Is This Normal? Question

Discussion in 'Livebearers' started by izahbel avan, May 20, 2019.

  1. izahbel avan New Member Member

    I have a female red wag platy and a male platy that is trying to mate with her, but my male gold panda molly and one of my male guppies are also mating with her. There is also a female molly in the tank, but he shows very little to no interest in her and only shows mating activities with my platy. Is this normal behavior? And will any offspring be sired from the male molly or guppy? I’ve heard some people say that they will have offspring and others that say they can’t.

  2. fjh Well Known Member Member

    In general, livebearers will always try to make with each other. The larger the female, the more interested they are in mating. So I would say this isn't unexpected.
    I am pretty sure guppies and mollies can cross breed, and platies and swordtails can cross, but neither the guppy nor molly can breed with a platy. If you loo up their scientific names you can see the similarities.
    Slightly off topic... with livebearers its recommended to either have a same-sex tank or 2+ females for every 1 male. This is to prevent the males from overly harassing the females (which seems to be happening in your tank). Just some food for thought.
  3. Crazycoryfishlady Well Known Member Member

    Someone said that they successfully had fry and that is less than a 40% chance for a molly to have fry with a platy.
    This person never posted prrof or photos of their breedings.
    But science says it's pretty much impossible for a platy molly cross to exist since they're from a different genus.
    Generally the rule is if their scientific names are different, they can't produce offspring.

    Mollies and guppies can interbreed, and platies and swordtails can interbreed.
    So you can get plattails and muppies, but not guppy/platies or molly/platies.

    Theyre likely harassing her due to a lack of colorful females of their own species.
    Some males simply can't get the job done.
    Even though they say "if she's been with a male she's pregnant" a lot of males seems to have trouble actually breeding.
    You may never get fry from her, especially with other males harassing her competing for the prize.
    Depending on the tank size, you may want to get mollies and guppies of similar colors to your other fish. Or maybe even female endlers since they're more striking than most female guppies.
    Often times if you dont get a fancy enough guppy or molly female, your males will still go after a larger different species female.
  4. emeraldking Well Known Member Member

    Most males of ovoviviparous livebearers tend to chase females of other ovoviviparous livebearer species. But that doesn't mean an actual mating will take place. It's not particular the genus itself that prevents them from a possible mating. It's the shape of the genitals that makes a possible mating. In general, the shape of the gonopodium of an ovoviviparous livebearer male (viviparous... so, real livebearers the sexual organ of a male is called an andropodium) differs of each species. The female genitals are compatible with the gonopodium of their own kind or a related species. Otherwise, a real mating won't take place.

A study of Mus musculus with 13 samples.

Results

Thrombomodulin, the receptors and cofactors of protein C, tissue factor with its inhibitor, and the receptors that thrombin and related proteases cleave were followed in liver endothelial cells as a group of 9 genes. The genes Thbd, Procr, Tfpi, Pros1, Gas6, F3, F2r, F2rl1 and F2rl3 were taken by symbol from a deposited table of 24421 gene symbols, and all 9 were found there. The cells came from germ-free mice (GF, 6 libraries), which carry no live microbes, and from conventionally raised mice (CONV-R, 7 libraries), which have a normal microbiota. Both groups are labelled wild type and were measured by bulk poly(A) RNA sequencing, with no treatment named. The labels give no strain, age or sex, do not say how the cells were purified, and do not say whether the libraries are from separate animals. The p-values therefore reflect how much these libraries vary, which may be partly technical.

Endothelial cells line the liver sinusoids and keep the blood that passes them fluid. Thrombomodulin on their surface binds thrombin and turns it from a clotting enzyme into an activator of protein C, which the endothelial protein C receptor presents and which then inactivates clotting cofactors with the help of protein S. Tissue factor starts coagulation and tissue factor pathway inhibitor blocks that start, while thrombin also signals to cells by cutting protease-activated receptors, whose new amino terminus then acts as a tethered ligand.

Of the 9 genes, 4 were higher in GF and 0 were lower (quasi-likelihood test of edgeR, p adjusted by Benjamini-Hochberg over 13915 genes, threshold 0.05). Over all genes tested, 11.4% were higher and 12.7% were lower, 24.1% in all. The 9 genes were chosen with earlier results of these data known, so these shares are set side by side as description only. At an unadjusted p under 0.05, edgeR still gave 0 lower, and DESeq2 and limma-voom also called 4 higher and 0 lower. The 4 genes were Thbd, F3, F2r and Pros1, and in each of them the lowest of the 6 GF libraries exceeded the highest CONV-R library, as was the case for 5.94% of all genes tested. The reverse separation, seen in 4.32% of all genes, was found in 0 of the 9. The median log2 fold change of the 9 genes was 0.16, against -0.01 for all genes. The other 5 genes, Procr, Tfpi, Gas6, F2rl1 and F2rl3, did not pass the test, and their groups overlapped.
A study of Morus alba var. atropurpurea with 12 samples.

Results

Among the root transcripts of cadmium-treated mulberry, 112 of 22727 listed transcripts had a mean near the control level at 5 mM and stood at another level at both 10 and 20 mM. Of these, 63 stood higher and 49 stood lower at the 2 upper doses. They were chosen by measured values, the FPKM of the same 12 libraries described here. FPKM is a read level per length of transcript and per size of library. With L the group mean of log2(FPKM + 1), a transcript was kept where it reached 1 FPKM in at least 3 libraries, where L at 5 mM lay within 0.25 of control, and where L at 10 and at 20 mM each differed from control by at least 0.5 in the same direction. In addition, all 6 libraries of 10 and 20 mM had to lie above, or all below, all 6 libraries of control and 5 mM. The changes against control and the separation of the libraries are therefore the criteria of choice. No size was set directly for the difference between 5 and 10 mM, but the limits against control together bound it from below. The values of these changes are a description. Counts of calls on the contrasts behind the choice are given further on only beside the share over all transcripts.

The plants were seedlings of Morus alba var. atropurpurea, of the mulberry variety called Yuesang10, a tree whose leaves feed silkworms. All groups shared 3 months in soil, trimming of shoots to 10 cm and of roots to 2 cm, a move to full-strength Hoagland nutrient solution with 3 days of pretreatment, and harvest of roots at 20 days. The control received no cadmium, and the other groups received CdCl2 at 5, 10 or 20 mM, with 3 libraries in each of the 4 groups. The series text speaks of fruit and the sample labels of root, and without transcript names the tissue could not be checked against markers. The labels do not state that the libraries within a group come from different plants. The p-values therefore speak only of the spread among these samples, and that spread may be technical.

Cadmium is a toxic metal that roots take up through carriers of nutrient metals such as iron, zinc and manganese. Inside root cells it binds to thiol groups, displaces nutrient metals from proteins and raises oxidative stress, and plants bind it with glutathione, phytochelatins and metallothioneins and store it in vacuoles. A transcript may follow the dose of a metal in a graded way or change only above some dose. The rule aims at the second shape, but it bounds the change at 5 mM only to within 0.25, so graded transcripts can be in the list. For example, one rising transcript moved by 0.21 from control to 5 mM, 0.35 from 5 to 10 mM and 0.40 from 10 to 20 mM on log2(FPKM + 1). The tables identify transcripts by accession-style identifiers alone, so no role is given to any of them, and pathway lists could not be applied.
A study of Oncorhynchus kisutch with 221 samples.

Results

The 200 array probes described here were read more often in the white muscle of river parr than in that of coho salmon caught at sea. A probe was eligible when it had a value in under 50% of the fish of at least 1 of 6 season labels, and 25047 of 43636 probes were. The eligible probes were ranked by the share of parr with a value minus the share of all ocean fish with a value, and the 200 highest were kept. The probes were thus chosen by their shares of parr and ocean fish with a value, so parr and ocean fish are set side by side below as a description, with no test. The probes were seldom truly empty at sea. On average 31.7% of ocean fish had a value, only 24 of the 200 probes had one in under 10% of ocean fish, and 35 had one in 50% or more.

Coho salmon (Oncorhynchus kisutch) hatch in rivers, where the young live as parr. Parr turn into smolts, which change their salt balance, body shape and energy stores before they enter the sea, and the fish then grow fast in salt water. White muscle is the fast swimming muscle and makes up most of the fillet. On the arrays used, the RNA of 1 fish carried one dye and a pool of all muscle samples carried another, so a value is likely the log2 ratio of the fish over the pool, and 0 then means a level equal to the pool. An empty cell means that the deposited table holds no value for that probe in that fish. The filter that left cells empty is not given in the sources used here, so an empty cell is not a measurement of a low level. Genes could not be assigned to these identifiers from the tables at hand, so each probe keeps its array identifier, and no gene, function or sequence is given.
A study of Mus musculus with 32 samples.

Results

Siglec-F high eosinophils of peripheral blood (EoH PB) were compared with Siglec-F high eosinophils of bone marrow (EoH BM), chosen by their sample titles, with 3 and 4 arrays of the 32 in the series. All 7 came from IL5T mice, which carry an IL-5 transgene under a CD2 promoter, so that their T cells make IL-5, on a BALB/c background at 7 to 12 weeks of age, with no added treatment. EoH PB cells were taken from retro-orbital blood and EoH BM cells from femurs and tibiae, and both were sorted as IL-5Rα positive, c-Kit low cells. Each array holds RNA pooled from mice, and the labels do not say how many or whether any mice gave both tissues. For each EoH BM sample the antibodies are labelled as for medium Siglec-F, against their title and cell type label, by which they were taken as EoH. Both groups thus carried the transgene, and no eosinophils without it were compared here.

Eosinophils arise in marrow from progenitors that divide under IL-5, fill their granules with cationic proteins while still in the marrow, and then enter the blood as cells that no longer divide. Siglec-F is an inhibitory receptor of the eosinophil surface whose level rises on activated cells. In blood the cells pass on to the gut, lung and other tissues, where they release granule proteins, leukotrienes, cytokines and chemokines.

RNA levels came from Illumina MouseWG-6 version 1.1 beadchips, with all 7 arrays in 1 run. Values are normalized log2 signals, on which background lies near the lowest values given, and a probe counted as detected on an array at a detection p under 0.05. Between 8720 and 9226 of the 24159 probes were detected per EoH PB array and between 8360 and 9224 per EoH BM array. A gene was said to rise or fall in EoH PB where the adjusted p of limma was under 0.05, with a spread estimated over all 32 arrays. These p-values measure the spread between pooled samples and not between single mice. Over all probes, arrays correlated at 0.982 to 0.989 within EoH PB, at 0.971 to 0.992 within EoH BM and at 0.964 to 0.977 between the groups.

The remark that you'll hear often that when a female has been with a male, the female is always pregnant is totally incorrect. Most female ovoviviparous livebearers do have the ability to store sperm packages (so, not all of them...). But if a stored sperm package is not being released by the female herself (a female decides wether such a package will go through or not), then there is no question of fertilization by all means.

    There are people that claim that an impossible cross has actually happened just because they're put a male from a certain species in with a female of another kind. And at a certain point she got pregnant and delivered. But knowing that most female ovoviviparous livebearers can store sperm packages for a long time (not just 3 months but even over a year but the quality of the sperm will become less), the offspring might be just of her own kind.

    A male/female ratio of 1:2 or 1:3 doesn't have to go for all livebearers. There are lots of livebearers that do well at a ratio of 1:1 without any harassment. But that's an experience you'll have when keeping livebearers that ain't that standard. But even within the "Big 4" (mollies, guppies, swordtails and platies) there are strains that can be kept on a ratio of 1m:1f perfectly. For I've kept and I'm still keeping specimens of the "Big 4" that can be kept the way I've just mentioned.

    Crossbreeding with the ones mentioned in this topic, the options are already mentioned by the two ladies overhere. Swordtail and platies are compatible. Mollies and guppies are compatible. But mollies won't crossbreed with xiphophorus strains (swordtails and platies). Unless, an artificial insemination will take place. It sounds weird but artificial insemination does happen to create a new strain as well nowadays.
    When there's a group or even a colony of livebearers, the female tends to mate with the best looking male or the one that flares the best. The socalled sneaky males are the lesser looking males or even the smaller males that try to mate with a female when a dominant male isn't around. But again, the female decides who she allows to mate with her. Which means that a certain number of males may chase a female(s) the whole day but will never end up with an actual mating.
  5. izahbel avan New Member Member

    Thank you so much for the information guys!